Anxiety Counseling

What is anxiety?

And how to deal with it.



How to Identify Anxiety

Anxiety is a natural response that helps you avoid danger. However, for some people, their body responds to various situations as if there is a physical threat, even when there is none. Physical symptoms of anxiety are designed to motivate a person to fight, flee, or freeze. Similarly, cognitive symptoms of anxiety are trying to help you notice and respond to real or perceived threats. Read about the symptoms of anxiety and let us know if you’d like to get started on managing any anxiety you may be experiencing.


What your body feels and does

  • Fast, pounding heart
  • Rapid breathing
  • Increased blood pressure
  • Sweating
  • A sense of impending doom (this often feels ‘physical’. . . like a stone in your gut, or bats in your stomach . . . not just butterflies)
  • Trembling (this can feel like your insides are shaky, or that your hands/arms, legs/feet are trembling)

What your mind thinks and does

  • Thoughts of impending doom
  • Excessive worry about what others may think of you
  • Excessive concern about health and well-being
  • A racing mind, often creating insomnia
  • Difficulty concentrating and making decisions (analysis paralysis)
  • Depressive thoughts
  • Aggressive thoughts/behaviors. Irritability


There is help for anxiety

According to the Anxiety and Depression Association of America, anxiety impacts over 40 million people in the United States, and it is highly treatable. Mindfulness-based cognitive therapy for anxiety can help you retrain your mind to counteract these symptoms, and even learn to leverage them to your benefit. By engaging in new strategies that unravel the thought knots that lead to anxiety, you can manage it more effectively.


What to do

If you are struggling with excessive worry and nervousness, anxiety counseling in Austin can help. Mindfulness-based counseling helps you get to the root of the issue and make changes to thoughts and behaviors that help you feel better. You don’t have to live a life of chronic anxiety. With over 20 years of experience treating anxiety, Jonathan is prepared to help you find relief.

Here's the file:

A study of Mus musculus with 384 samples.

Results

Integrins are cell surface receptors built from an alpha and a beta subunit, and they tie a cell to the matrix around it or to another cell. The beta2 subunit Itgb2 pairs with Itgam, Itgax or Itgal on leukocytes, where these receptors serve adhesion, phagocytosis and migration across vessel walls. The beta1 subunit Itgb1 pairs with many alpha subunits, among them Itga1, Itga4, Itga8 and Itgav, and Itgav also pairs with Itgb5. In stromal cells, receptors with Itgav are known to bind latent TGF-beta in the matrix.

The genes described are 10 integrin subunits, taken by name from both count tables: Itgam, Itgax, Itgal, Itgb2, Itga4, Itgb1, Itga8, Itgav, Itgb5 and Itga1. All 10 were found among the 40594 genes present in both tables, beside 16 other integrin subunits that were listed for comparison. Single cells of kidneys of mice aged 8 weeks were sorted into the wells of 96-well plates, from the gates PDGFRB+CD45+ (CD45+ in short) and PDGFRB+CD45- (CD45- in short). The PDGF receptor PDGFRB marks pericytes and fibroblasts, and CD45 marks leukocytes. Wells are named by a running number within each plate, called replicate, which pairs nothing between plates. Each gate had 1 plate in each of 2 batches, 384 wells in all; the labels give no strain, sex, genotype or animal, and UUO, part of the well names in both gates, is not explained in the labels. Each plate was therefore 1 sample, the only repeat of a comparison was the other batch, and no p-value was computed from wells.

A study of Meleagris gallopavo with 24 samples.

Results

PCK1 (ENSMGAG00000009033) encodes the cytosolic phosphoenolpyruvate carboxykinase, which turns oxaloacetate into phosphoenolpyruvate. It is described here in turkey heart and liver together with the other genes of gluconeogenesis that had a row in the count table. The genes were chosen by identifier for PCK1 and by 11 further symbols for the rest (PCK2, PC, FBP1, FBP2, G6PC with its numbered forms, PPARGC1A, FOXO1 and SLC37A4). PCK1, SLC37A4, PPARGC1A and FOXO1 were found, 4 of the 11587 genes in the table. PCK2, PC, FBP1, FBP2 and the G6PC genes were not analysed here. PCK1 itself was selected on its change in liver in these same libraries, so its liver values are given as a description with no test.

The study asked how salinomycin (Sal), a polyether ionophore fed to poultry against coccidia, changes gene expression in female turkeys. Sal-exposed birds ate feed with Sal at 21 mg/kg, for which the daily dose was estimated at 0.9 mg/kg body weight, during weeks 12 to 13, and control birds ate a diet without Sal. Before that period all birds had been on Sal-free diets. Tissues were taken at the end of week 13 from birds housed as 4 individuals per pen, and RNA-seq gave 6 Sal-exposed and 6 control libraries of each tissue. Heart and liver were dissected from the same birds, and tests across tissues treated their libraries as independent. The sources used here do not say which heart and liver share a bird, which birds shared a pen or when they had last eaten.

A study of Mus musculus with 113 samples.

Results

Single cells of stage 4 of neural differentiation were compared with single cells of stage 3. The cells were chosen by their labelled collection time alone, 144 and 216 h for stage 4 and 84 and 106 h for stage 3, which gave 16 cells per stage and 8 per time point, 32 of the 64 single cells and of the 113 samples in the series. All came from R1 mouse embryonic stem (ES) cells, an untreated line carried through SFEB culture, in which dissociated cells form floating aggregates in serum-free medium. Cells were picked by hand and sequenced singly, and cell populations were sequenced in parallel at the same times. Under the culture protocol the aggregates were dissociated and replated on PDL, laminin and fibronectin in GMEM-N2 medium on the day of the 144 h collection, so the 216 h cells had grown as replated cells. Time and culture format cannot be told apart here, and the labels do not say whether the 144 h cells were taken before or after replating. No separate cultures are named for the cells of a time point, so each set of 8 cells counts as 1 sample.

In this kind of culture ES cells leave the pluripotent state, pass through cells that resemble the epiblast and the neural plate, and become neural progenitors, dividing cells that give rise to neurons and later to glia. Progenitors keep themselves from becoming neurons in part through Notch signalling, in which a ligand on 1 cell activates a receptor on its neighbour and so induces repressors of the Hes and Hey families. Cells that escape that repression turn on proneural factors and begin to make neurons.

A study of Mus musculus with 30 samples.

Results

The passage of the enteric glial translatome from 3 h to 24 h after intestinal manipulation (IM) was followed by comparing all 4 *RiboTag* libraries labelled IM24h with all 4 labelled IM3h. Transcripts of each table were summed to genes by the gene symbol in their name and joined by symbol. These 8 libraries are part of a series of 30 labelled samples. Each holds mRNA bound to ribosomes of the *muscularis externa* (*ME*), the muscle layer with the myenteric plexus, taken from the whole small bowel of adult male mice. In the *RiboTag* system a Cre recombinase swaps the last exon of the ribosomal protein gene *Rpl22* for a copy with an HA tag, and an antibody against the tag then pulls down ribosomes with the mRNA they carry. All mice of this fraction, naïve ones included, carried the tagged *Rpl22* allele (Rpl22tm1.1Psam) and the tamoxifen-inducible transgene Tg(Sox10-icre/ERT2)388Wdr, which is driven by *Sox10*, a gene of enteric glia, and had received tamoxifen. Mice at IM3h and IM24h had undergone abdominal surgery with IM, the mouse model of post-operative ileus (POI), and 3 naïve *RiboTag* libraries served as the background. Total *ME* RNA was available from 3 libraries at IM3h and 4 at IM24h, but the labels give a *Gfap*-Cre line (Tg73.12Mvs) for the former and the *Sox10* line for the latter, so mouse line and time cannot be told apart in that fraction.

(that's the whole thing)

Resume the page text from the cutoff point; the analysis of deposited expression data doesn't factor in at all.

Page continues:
Anxiety FAQs

While often used interchangeably, nervousness and anxiety have some important differences. Nervousness is typically more thought-driven and goes away once the triggering situation is resolved. Anxiety, on the other hand, has a stronger physical component and can persist for a longer time. Nervousness may seem reasonable, like being nervous before a public speaking engagement. Anxiety, however, can seem irrational, with physical symptoms arising for no apparent reason. It is possible to manage both with the help of breathing and thought techniques.

Anxiety serves as an alert system that warns us of potential danger. When anxiety is triggered, it sends oxygen and nutrients to the muscles and triggers the fight, flight, or freeze response of the sympathetic nervous system. This heightened response also makes our senses more acute, allowing us to assess the situation more accurately. While anxiety is useful in protecting us from danger, it can also be problematic when it activates when there is no real threat.

Yes, there are many types of anxiety, such as social anxiety, performance anxiety, romantic anxiety, test anxiety, and various phobias. Genetics can play a role in anxiety and some individuals may naturally live in a higher state of alertness than others. Mindfulness-based cognitive therapy, meditation, exercise, and massage can be effective in managing anxiety.

Medication can be an option for managing anxiety, but counseling and therapy are often more effective. Some anti-anxiety medications are highly addictive and can be challenging to stop taking. It is best to speak with a healthcare provider to discuss the best course of treatment for managing anxiety.

Anxiety Resources

National Institute of Mental Health – An overview of anxiety types, symptoms and treatment

Psychology Today – Information on Anxiety from a leading source of  psychological treatment providers

National Suicide Prevention LifeLine Live Chat – 1-800-273-8255 is the 24/7 hotline

(512) 472-HELP – 24/7 Texas Crisis Line


One of the most common questions that people have is how to effectively manage anxiety. The nervous thoughts are bad enough, but the physical symptoms only make things worse as people start to worry that others can see them shaking or trembling,…

Read about how to manage anxiety: Anxiety Articles

Jonathan F. Anderson, LPC-s has worked in the helping profession since he started college in 1990. After completing his Bachelor’s degree at the University of Texas, Austin in 1994, he attended the highly-regarded University of Minnesota to earn his Master’s degree in 1997. He is a Licensed Professional Counselor and is recognized as a Board Approved Supervisor by the State of Texas Board of Examiners of Professional Counselors. Jonathan has completed Level-2 of the Gottman Method of Couples Counseling, and in 1998 received training by the International Critical Incident Stress Foundation in Advanced Critical Incident Stress Management & Debriefing. To learn more about Jonathan’s practice, click here: Jonathan F. Anderson, LPC-s.